Breaking the vicious circle of poverty
The movie City of God won worldwide acclaim after its release in 2003. The crime drama drew a harsh but accurate picture of life in Brazilian Favelas, or slums. Saturated with gangs, drugs, and trafficking. Many of the films extras were genuine poor children, not professional actors.
And years later, although Brazil as a whole has been on the up, life for kids on the street has gone nowhere but down.
“People who are already living on the streets are considered lost. They are known as ‘the invisibles’,” says Demetrius Demetrios, a social worker from Recife, the largest metropolitan area in northern Brazil.
He is one of the few who does see them. Demetrius forced himself to live on the streets for a year before opening a special children’s center in Recife.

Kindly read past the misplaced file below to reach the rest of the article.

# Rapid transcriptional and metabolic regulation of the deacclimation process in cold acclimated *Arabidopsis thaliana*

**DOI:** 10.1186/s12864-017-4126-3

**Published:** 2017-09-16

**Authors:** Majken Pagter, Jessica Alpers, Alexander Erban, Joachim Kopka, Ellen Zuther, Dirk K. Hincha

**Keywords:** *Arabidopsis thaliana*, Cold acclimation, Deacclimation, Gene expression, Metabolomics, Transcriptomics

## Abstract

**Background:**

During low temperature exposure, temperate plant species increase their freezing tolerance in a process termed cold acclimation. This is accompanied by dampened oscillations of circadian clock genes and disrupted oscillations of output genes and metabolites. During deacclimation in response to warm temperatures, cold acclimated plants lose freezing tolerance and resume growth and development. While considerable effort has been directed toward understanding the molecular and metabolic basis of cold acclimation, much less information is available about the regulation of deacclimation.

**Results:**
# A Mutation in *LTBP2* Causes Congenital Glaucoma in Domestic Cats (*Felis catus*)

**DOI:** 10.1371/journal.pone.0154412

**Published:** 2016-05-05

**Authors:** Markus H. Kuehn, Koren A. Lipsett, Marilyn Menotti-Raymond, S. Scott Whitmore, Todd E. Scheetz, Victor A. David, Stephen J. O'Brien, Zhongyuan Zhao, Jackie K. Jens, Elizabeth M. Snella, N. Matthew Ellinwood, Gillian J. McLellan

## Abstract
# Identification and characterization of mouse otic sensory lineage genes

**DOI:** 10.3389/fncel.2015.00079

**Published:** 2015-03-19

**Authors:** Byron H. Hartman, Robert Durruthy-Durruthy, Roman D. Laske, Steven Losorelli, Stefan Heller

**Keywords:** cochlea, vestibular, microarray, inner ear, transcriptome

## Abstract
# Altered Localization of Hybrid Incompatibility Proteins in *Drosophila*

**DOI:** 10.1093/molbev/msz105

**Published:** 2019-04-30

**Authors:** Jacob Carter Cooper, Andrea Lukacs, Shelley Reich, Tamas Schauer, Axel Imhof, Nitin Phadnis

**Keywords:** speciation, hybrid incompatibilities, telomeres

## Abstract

Going there, homeless kids get a chance to be kids: do art, dance and capoeira. Not to mention eat, learn to read and see doctors and psychologists.
“The government doesn’t think it’s possible to help build another life for these kids, but I know it’s possible,” Demetrius is convinced.
Death threats and attacks have become a common thing for Demetrius. Gangs and drug lords lose staff when kids decide to come to his center instead.
Edvania Da Silva is 20, and already the victim of violence and poverty: “I lost my husband after he was shot for robbing a house, and now I have given my two children away,” she said.
She lives on the streets at night, when the center is closed for safety reasons, but it's her sanctuary during the day. The only way to survive for now – for her and dozens others. Homeless, but maybe not hopeless any more.